WASHINGTON -- Maryland’s economy would be particularly hard-hit if Congress is unable to reach a budget agreement to avoid the broad, automatic cuts to the federal budget set to take effect in January, according to economic experts.
Going over the “fiscal cliff” could lead to a loss in the state’s recent employment gains, agencies having to rollback services and even emigration.
“The loss of direct federal assistance would be moderately bad and the effect on the regional economy would be very, very bad,” said Neil Bergsman, director of the Maryland Budget & Tax Policy Institute.
Because the area’s economy is so linked with federal employment and contracts, tightening the federal purse strings would have far-reaching effects on local consumption and the ability to attract and keep all types of businesses in Maryland, he said.
“You think about what we have here that gets the federal contracts, and defense is very big and so is biotech... we have federal contractors and suppliers in a lot of sectors and I think it would be a pretty broad strike,” Bergsman said.
Maryland is particularly vulnerable because it has a high rate of federal employees compared to the national average. Nationally, 2.2 percent of workers are employed in federal jobs, but in Maryland, that number is 5.6 percent, according to a memo from the Maryland Department of Budget and Management on the likely effects of sequestration.
The 2011 American Community Survey shows that 23.1 percent of Maryland’s workforce was employed by federal, state or local government, and that rate has increased since the recession. In 2007, 22 percent of the workforce held government jobs.
The Maryland Department of Budget and Management estimated that sequestration would cost the state more than 12,600 jobs and $2.5 billion in wages through cuts in federal grants worth about $150 million. Non-exempt programs will face broad, departmental or program-wide cuts of up to 10 percent.
Anirban Basu of the Sage Policy Group said that he did not think the outlook was “as dire as some people suggest,” but, he noted that the mere threat of losing federal dollars has been challenging for Maryland’s economy.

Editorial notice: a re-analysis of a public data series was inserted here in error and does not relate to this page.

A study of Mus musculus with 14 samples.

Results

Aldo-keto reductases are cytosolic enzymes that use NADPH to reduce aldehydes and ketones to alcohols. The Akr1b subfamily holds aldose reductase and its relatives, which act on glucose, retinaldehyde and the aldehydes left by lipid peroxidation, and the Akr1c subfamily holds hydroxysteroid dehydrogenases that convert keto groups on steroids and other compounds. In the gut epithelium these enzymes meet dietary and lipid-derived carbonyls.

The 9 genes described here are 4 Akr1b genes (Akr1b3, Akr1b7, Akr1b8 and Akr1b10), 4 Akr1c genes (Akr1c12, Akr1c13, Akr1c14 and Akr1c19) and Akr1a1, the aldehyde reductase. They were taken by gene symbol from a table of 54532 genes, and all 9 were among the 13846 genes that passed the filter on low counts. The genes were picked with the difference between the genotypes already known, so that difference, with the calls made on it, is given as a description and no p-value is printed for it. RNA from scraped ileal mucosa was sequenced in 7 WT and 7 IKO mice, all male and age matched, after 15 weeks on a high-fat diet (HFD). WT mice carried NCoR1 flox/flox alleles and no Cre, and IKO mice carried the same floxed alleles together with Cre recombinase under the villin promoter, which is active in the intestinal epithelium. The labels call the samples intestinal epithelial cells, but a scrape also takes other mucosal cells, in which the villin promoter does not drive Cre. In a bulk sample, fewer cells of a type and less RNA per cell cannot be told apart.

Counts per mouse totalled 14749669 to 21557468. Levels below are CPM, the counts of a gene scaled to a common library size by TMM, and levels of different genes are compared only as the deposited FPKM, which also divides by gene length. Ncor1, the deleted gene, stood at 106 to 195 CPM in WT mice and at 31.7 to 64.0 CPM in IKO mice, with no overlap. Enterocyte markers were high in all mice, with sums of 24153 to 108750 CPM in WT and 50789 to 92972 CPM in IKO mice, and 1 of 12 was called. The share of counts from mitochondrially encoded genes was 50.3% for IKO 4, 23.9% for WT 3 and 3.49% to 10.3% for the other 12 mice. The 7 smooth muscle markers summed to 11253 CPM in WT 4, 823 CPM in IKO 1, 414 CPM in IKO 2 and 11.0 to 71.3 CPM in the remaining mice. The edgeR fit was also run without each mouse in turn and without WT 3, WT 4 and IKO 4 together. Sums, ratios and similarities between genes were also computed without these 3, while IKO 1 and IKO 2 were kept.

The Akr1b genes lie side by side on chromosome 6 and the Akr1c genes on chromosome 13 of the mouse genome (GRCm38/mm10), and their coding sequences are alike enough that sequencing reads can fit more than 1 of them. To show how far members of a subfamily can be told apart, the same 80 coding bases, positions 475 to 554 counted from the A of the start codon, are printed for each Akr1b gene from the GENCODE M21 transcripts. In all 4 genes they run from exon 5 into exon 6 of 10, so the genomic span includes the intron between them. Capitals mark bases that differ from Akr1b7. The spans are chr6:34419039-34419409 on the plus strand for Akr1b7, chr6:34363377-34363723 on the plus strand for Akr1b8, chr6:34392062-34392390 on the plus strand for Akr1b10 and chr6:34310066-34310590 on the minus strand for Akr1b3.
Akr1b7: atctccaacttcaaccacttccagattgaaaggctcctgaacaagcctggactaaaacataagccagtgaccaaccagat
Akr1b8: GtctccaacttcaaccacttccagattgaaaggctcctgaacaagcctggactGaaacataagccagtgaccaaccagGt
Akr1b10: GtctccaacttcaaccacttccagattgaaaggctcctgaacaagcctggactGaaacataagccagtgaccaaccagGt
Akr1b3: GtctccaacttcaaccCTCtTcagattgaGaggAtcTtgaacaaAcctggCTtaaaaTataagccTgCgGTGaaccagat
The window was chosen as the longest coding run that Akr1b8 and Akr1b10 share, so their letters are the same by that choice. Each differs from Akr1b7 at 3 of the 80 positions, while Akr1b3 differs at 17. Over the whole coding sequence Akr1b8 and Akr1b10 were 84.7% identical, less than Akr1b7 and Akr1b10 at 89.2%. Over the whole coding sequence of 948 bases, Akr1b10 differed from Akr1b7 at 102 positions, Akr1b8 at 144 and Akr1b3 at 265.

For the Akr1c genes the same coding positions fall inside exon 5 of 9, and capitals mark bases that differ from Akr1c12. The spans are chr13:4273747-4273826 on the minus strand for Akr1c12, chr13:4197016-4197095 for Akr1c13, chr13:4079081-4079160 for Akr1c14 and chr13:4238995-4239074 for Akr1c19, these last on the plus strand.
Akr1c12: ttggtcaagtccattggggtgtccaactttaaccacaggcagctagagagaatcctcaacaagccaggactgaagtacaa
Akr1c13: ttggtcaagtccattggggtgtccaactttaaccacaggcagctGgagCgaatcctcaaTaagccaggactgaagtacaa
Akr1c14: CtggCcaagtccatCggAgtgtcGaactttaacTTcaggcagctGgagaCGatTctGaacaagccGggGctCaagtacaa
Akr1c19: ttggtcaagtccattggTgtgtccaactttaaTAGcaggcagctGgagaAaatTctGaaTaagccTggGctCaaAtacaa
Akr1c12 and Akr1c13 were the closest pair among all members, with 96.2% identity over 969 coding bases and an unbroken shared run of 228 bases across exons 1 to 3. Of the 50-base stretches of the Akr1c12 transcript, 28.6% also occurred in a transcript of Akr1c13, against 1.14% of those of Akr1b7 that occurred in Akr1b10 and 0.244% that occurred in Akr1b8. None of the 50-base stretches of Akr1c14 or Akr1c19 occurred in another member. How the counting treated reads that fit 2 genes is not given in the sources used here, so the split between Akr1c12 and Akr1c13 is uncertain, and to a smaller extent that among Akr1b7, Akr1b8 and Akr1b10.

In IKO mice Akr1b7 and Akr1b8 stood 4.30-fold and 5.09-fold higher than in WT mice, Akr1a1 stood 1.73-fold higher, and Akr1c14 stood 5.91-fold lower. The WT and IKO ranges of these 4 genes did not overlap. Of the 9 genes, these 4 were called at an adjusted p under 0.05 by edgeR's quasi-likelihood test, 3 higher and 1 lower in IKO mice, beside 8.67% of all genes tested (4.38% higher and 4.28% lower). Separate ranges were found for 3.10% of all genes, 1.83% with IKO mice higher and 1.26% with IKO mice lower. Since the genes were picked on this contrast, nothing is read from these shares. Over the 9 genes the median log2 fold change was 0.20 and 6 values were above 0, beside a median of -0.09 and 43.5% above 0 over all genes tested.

“We’re seeing effects already. Defense contractors have slowed hiring,” he said.
Lockheed Martin is one example. The Bethesda-based security and aerospace company is one of the world’s largest defense contractors. They are also heavily reliant on government contracts. Government payments account for 82 percent of the company’s revenue, according to a Hoover’s Co. report on Lexis Nexis.
The company released a statement in July estimating that they would have to cut around 10,000 jobs worldwide. That represents an 8.3 percent loss of their 120,000 person workforce.
Basu said that the loss of jobs could also lead to a population loss. “States in which there is higher unemployment tend to see a greater outmigration as people tend to loosen their tie to community and look to other communities,” he said.
The public sector would also face tough budget choices, even though certain programs are exempt from automatic budget cuts, including Medicaid, and low-income assistance programs TANF and SNAP.
Since budget cuts will be spread evenly across all non-exempt programs, everything from schools to the Department of Housing and Community Development will be tightening their belts.
For Maryland schools, the loss of federal funds may have serious consequences on their ability to provide services.
“(Budget cuts) would be tough for our systems. They have been watching their dollars very closely for years now. The funding we receive from the federal government is very important,” said Maryland State Department of Education spokesperson Bill Reinhard.
While different school systems would be affected differently, he said that some may face a loss of technology or books. Not hiring new teachers would also be a possibility.
The state housing department receives 24 percent of its funding from the federal government, according to Director of Communications and Marketing Erlene Wilson, and if those funds were slashed, the 25,000 Marylanders receiving housing assistance would likely be affected.
“There would probably be a reduction in the amount of people who could actually get that assistance,” she said.
With so much at stake for Maryland and time running out to reach a budget agreement, the fiscal cliff has become an ever-increasing concern for Maryland politicians.
“Sequestration would be very harmful to Maryland and to our country. It would be across-the-board cuts without any regard to policy,” said Sen. Ben Cardin, D-Md.
However, Cardin said he did not think sequestration would occur.
“I believe, and my colleagues on both sides of the aisle believe, that we can avoid automatic budget cuts,” he said. Congress could find savings, Cardin said, by reforming the health care delivery system, reducing return visits to hospitals and improving information technology systems. He added that the defense budget could be trimmed as the U.S. decreases its military presence overseas.
U.S. Rep. Donna Edwards, D-Fort Washington, said at a recent governor’s housing conference that sequestration could send Maryland into another recession, because it would worry investors and create cautious markets.
“I think we need to put this election to bed... and then wake up on November 7th and use the time from then through the end of the year, at least, to send a signal to our markets that we’re going to deal with the issue,” she said.
Gov. Martin O’Malley was also confident that an agreement would be reached in time.
Spokeswoman Raquel Guillory said, “Maryland is well positioned no matter what happens,” adding that the governor has been in the midst of a jobs and opportunities tour to boost the private sector.